Students’ creative strategies build resumes and highlight Kia Soul

students' slide for the Kia Soul

Northern Arizona University students in Richard Lei’s advertising 411 class are working to create advertising plans for the Kia Soul. Teams of four are competing for the best overall advertising plan to increase the Soul’s brand awareness.

The teams are part of two capstone classes, designed as a culminating educational experience before graduation. Along with attempting to win the top-project award, the projects offer a valuable takeaway.

“We do our best in getting brands with national visibility, so when students leave NAU, they have a client book with finalized copies of their work that they can take to a job interview,” Lei said. Each semester, agencies provide Lei and his students with an advertising challenge or issue along with a range of data on the product.

The creative strategies include television and radio scripts, billboards and use of new media platforms to increase brand awareness.

This semester, Lei’s class is working with the agency David and Goliath and advertising director Mike O’Malley, an NAU alumnus who graduated in 1998. O’Malley holds a senior position on the Kia Soul’s advertising account.

In the capstone classes, Lei forms teams based on individual student strengths, from research, media and account planning to the use of technology.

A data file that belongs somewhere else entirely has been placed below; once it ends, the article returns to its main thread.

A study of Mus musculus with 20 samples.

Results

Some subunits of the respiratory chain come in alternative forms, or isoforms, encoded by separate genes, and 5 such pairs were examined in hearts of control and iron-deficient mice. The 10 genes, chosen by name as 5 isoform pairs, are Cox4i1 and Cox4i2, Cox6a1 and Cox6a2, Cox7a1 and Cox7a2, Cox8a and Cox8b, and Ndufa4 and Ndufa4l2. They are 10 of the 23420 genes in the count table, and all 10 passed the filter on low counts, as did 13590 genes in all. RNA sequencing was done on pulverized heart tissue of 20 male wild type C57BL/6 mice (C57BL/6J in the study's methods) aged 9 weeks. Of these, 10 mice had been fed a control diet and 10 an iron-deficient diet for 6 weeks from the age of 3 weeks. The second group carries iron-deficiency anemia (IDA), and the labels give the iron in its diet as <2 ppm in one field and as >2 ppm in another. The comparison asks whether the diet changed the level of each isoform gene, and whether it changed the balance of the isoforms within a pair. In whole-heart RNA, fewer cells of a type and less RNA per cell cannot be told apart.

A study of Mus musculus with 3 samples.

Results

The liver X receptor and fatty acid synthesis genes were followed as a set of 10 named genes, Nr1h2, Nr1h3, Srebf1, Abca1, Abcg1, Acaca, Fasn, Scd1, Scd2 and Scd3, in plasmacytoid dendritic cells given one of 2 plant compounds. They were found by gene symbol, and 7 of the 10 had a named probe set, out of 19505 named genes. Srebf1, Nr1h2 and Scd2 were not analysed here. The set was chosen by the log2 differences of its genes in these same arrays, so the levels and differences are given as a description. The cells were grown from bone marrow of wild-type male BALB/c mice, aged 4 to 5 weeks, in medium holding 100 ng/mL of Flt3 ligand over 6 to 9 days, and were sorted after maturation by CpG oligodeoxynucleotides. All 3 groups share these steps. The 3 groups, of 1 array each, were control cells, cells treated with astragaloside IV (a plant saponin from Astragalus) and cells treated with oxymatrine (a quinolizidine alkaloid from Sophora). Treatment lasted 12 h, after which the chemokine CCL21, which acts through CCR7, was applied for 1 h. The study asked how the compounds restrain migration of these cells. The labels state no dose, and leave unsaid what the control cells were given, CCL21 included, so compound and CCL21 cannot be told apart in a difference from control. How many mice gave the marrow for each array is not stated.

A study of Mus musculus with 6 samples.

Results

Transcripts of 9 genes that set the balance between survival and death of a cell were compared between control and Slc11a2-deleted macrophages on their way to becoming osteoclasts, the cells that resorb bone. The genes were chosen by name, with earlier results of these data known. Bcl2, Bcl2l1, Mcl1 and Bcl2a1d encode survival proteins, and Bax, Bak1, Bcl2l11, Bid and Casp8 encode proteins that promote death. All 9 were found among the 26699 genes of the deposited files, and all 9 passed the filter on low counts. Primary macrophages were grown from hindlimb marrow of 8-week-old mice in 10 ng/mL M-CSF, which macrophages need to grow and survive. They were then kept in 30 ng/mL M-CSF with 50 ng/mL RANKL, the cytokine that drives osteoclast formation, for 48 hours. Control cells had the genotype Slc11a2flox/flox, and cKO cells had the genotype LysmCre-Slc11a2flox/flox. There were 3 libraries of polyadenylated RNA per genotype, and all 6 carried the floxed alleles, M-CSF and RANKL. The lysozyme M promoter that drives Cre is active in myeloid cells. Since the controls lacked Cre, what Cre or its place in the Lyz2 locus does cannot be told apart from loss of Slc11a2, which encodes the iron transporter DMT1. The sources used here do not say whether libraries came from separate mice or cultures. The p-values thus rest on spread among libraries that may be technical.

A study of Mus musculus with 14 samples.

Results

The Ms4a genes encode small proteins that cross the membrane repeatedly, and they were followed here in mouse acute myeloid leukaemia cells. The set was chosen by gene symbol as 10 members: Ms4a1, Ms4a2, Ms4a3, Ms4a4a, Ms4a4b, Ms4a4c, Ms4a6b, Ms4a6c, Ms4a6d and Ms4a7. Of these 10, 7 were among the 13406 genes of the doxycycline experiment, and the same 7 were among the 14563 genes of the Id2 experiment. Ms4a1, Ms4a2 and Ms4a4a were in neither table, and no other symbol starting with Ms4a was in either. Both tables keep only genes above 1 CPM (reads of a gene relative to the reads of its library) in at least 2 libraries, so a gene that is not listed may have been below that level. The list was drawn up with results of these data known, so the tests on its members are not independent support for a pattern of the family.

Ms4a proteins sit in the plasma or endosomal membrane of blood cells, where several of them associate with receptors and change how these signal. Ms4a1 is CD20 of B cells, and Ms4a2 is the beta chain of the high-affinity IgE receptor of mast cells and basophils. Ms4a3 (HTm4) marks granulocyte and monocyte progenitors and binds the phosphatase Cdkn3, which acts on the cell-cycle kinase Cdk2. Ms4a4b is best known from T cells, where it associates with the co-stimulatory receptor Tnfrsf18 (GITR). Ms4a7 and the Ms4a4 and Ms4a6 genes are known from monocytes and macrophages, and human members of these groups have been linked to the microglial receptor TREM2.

Professor Richard Lei looks on as students put finishing touches on their advertising plans for the Kia Soul.
Professor Richard Lei looks on as students put finishing touches on their advertising plans for the Kia Soul.

Kendall Brown, who graduates in May, said working on the capstone project taught her the real life experience of working with a team.  “In order to survive in the media world and work on a team, you need to work together and realize you won’t always get your own way,” Brown said.

As part of the market research on the Kia Soul, students used the School of Communication’s focus group room with a one-way mirror offering discreet observation of the focus group interviewees.

“Our team learned a lot from our focus group about what people look for when buying a car and what we heard helped us narrow down our message,” said Brown, whose team is incorporating UFOs and technology to advance Kia’s marketing message.

The finished products, which will be presented as part of the final project, are at a professional level, said Lei. “The type of work students generate is typical of a medium-size agency in a medium-sized market.”